Meltdowns and the 9 Temperaments of Children with Asperger's and HFA

A meltdown appears to most parents as a tantrum. However, a meltdown has more to do with the child's temperament, whereas a tantrum has more to do with the child's anger at not getting his or her way.

There are nine different temperaments in children with Asperger's and High-Functioning Autism (HFA):


1. Poor Adaptability: This shows itself when Asperger's and HFA children resist, shut down, and become passive-aggressive when asked to change activities. Change in routine is very difficult for kids on the spectrum.

2. Negative Persistent: This is seen when the Asperger's or HFA youngster seems stuck in his or her whining and complaining. This occurs because he or she hasn't learned any other way to deal with frustration yet.

3. Negative Mood: This is found when Asperger's and HFA children appear lethargic, sad and lack the energy to perform a task.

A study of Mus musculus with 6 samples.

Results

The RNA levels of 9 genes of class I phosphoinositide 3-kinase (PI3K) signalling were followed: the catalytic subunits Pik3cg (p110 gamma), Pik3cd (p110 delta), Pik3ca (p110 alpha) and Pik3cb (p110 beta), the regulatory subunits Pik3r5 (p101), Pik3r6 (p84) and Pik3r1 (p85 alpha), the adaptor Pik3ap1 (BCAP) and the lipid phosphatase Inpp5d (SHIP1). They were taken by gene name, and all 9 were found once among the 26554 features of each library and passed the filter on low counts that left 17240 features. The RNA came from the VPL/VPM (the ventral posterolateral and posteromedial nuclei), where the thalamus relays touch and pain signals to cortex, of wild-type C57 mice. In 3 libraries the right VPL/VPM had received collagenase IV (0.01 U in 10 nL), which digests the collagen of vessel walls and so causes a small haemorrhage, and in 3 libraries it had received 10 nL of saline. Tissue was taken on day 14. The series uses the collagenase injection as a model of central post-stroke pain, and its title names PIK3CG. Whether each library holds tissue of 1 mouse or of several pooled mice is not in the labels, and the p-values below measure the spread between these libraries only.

4. Low-Sensory Threshold: This is evident when the youngster complains about tight clothes and people staring and refuses to be touched by others, for example.

5. Irregular: This moves the youngster to escape the source of stress by needing to eat, drink, sleep, or use the bathroom at irregular times when he or she does not really have the need.

6. Initial Withdrawal: This is found when Asperger's and HFA children get clingy, shy, and unresponsive in new situations and around unfamiliar people.

7. Hyperactive: This predisposes the youngster to respond with fine- or gross-motor activity.

8. High-Intensity Level: This moves the youngster to yell, scream, or hit hard when feeling threatened.

9. Distracted: This predisposes the youngster to pay more attention to his or her surroundings than to the parent.

Unfortunately, there's not a lot parents can do when a meltdown occurs in a child on the autism spectrum. The best thing they can do is to train themselves to recognize a meltdown before it happens and take steps to avoid it. This task is made much easier when parents identify their child's predominant temperament.